Are cashless stores and restaurants fair? New York City Council says no
New York City lawmakers voted Thursday to require stores and restaurants to accept cash for payment, saying businesses that accept only credit and debit cards are discriminating against New Yorkers who lack bank accounts and credit cards.
“This practice punishes the underbanked,” City Council Speaker Corey Johnson said before the council’s 43-3 vote in favor of the bill.
Under the bill, businesses that refuse cash will be fined $1,000 for the first violation and $1,500 after that. The measure, which is expected to go into effect by the end of the year, also prohibits stores from charging higher prices for paying in cash.
Democratic Mayor Bill de Blasio is expected to sign the legislation. A spokeswoman for the mayor said that he supports the intent of the bill but that his administration will review it.
Backers of the cashless model say the benefits include greater efficiency and eliminating the risk of theft, but opponents say millions of Americans still rely on cash.
In adopting the ban on cashless businesses, New York City joins a growing backlash against the digital-only economy.
Philadelphia became the first U.S. city to ban cashless stores last year, despite opposition by retail giant Amazon. San Francisco and New Jersey passed similar measures soon after. Only one jurisdiction required businesses to accept cash before 2019: Massachusetts, which passed a law nearly 40 years ago.
Backers of the New York City bill said that hundreds of thousands of city residents don’t have bank accounts or credit cards and that others simply prefer to use cash.
“Whatever your reasons, consumers should have the power to choose their preferred method of payment,” City Councilman Ritchie Torres, the Bronx Democrat who sponsored the legislation, said before the council’s 43-3 vote in favor of the bill.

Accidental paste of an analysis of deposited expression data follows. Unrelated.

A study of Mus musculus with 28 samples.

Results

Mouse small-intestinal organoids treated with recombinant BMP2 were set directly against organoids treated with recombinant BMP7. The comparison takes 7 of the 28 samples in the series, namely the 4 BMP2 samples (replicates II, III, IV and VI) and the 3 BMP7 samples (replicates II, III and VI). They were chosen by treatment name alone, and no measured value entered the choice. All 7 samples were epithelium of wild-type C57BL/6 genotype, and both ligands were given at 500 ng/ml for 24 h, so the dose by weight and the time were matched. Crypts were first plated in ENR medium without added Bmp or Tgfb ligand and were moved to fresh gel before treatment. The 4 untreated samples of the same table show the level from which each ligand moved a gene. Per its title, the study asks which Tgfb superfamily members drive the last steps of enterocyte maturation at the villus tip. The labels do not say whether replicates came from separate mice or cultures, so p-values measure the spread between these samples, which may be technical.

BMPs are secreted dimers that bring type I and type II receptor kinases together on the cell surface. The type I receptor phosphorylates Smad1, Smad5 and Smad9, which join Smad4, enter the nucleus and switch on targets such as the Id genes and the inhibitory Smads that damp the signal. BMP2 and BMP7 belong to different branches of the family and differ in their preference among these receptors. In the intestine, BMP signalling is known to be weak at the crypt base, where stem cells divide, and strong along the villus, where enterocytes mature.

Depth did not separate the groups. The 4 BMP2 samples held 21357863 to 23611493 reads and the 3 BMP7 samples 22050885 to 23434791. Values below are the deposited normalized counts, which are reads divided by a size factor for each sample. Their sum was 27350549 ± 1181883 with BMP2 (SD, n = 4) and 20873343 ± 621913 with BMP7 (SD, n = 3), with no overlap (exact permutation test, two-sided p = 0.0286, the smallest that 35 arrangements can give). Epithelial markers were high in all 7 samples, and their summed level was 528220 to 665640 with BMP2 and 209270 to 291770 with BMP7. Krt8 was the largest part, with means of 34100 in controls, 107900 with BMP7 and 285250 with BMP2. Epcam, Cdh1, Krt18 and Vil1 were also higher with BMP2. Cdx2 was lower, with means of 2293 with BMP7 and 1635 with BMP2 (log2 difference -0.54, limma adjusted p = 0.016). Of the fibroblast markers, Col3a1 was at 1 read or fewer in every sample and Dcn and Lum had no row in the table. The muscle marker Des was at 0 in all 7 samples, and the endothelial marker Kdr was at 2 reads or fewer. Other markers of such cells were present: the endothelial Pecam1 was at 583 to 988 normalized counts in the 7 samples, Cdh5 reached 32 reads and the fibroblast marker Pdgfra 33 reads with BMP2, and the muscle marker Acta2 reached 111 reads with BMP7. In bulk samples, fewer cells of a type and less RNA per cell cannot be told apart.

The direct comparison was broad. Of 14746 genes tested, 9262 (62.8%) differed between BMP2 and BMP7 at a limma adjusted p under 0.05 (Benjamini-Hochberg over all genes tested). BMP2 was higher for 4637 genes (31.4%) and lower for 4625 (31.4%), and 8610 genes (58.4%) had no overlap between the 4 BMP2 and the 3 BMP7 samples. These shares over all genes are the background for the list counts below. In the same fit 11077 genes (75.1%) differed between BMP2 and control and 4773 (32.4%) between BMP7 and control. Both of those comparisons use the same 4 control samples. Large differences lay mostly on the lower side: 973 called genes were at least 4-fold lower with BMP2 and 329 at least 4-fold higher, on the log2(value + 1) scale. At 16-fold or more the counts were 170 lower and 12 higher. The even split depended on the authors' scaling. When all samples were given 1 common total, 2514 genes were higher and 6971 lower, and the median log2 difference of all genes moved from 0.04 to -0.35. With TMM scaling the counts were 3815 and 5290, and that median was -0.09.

Councilman Kalman Yeger, a Brooklyn Democrat, said that businesses should accept cash but that the local government shouldn’t force them to.
“We’re inserting ourselves into the business of business in a way that we don’t have a right to do in my opinion,” he said in explaining his “no” vote.
But some businesses that will be affected by the no-cash ban said they will follow the law when it is enacted.
“We are proud to do business in NYC and will of course comply with all NYC laws and statutes,” Nick Marsh, CEO of Founders Table, parent company of the Chopt Creative Salad Co. and Dos Toros Taqueria chains, said in a statement.
A company spokeswoman said six of New York City’s 18 Chopt locations and all of its 17 Dos Toros locations are currently cashless.
Mary LeSage, waiting to buy lunch at a Chopt counter in Manhattan earlier Thursday, said the cashless policy is efficient but she agrees that it might be discriminatory.
“It’s an ease of use sort of thing, to make it go faster,” LeSage said. “I’ve seen this line go all the way around there. But on the other hand, I do think it’s wrong to bar people from food because they don’t have the necessary resources. If it takes me five minutes longer to get lunch, that’s fine if it means everyone can get food.”